Pot restrictions could invite a legal test for Parachute | PostIndependent.com

Pot restrictions could invite a legal test for Parachute

John Colson

PARACHUTE — As towns throughout Garfield County figure out how to deal with the legalization of marijuana for use by those over 21, the town council here is hopeful it has the issue well in hand and tightly controlled.

But town attorney Ed Sands of Rifle conceded this week that a challenge to Parachute’s pot regulations is a possibility.

“We all hope we’re not the ones to have it tested,” said Sands, while discussing the town’s marijuana law with the Post Independent.

The Town Council last September enacted an ordinance detailing the zoning and other restrictions for growing marijuana in one’s own home, as permitted under state laws regulating medical marijuana since the year 2000 and recreational marijuana since last year.

Colorado voters legalized medical marijuana more than 13 years ago, and legalized so-called “recreational marijuana” for those over 21 in November 2012. But the ballot questions in both elections permitted local jurisdictions, such as county and municipal governments, to disallow the cultivation, sale, and other processing activities within the county’s or town’s boundaries.

Only the right to grow, possess and use pot on a personal basis was guaranteed under the constitutional amendments passed in the two elections. Every citizen has the right to grow six plants at different stages of maturity, and smoke the resulting green leafy substance, under state laws written in compliance with the constitutional amendments.

The Parachute Town Council has forbidden all commercial activities connected to the new marijuana industry, and in September passed an ordinance restricting where and how much pot people can grow in their homes.

Section One of the law, known as ordinance number 657, clearly categorizes the home-cultivation of six plants per person as a permitted use in the Rural Agricultural, Low Density Residential, Medium Density Residential and High Density Residential zone districts. But that “permitted use” allows only up to 12 plants per household, or the allotment for two resident adults.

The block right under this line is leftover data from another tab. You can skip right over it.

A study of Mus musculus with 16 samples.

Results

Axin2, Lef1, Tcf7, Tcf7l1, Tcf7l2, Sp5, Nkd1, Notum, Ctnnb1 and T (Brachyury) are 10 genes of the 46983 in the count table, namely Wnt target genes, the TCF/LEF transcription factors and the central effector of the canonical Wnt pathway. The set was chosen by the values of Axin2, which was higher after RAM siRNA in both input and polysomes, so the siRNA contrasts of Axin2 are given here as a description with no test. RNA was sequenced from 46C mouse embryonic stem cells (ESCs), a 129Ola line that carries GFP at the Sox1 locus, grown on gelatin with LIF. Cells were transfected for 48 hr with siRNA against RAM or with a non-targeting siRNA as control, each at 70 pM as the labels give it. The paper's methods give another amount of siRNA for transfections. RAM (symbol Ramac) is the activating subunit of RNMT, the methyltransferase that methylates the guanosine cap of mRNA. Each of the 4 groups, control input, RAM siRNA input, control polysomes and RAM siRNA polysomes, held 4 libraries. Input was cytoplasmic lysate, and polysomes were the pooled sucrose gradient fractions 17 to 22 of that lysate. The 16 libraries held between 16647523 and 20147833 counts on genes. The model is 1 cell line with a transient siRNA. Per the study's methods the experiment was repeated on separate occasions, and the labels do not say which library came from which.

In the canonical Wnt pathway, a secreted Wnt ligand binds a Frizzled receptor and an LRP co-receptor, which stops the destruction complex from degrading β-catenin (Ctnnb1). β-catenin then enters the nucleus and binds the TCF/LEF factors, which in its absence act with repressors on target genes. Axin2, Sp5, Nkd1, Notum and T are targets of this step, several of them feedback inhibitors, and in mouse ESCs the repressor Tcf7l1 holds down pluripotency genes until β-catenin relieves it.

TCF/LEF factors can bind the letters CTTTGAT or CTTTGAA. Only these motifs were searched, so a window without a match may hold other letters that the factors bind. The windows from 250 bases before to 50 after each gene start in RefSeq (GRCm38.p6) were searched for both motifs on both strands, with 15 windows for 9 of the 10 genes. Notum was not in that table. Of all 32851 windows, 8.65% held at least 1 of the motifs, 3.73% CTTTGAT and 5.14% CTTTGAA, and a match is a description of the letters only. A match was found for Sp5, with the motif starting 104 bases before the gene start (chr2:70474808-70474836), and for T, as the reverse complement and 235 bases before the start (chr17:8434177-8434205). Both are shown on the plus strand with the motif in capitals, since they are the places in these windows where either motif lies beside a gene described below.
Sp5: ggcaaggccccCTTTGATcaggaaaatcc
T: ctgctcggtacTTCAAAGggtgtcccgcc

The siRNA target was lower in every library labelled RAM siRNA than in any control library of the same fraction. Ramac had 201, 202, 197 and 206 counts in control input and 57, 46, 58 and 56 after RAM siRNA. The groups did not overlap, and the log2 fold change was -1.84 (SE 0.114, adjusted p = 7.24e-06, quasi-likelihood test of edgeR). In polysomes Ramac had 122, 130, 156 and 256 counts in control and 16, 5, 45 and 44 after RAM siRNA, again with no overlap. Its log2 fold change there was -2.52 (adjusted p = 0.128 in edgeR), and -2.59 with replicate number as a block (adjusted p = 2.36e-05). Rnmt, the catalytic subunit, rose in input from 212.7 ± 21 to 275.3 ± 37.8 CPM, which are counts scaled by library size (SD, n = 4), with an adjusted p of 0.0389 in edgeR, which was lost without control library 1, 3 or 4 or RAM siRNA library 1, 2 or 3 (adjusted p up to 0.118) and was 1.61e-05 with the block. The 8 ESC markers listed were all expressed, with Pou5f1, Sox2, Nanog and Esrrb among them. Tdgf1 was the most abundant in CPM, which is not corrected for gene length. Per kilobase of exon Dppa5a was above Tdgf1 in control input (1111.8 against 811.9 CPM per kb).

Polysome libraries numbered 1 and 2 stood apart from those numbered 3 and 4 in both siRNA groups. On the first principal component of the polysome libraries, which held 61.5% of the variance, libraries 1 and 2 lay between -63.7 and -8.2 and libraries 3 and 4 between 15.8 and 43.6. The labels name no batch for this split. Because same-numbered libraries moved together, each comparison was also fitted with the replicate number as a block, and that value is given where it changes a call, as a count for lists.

In the second section, the ordinance states that a “special review” by the town is required for those seeking to grow more than 12 plants in a home, even in circumstances where there are more than two adults living in the home and more than 12 plants could be grown according to state law.

In Parachute, said Sands, anyone seeking to grow more than 12 plants in a household must undergo a special use review by the town government, and if a permit is granted the cultivation must take place in a commercial space separate from the home and located in a commercial zone rather than a residential zone. The commercial zones include the Old Town Center, Neighborhood Commercial, Highway Tourist, Service Commercial and Limited Industrial zones.

“So there’s a way for somebody to exercise their constitutional right,” Sands said, noting that these provisions are the same as have been enacted by the city and county of Denver and “other municipalities around the state.”

He added that the wording of Parachute’s ordinance also gets around prohibitions against pot cultivation imposed by landlords or homeowners’ associations, which have begun enacting such restrictions in some parts of the state.

“On the Front Range, you’re starting to see those kinds of prohibitions,” Sands said.

Sands conceded that the commercial-space requirement for growing more than 12 plants per household does carry with it an added cost to the resident, who must find a commercial space to use, lease it, heat it and outfit it with cultivation equipment that may already exist in his or her home.

Another provision of the Parachute pot ordinance states that pot can be smoked only within the confines of a home, and not in the outside areas of the property such as a deck or a yard, which some may view as another contradiction with the state laws, Sands noted.

“There’s no doubt that at some point, somewhere, attorneys will ask those questions through litigation,” he said, expressing the hope of the Parachute Town Council that this town will not be the target of such a legal test.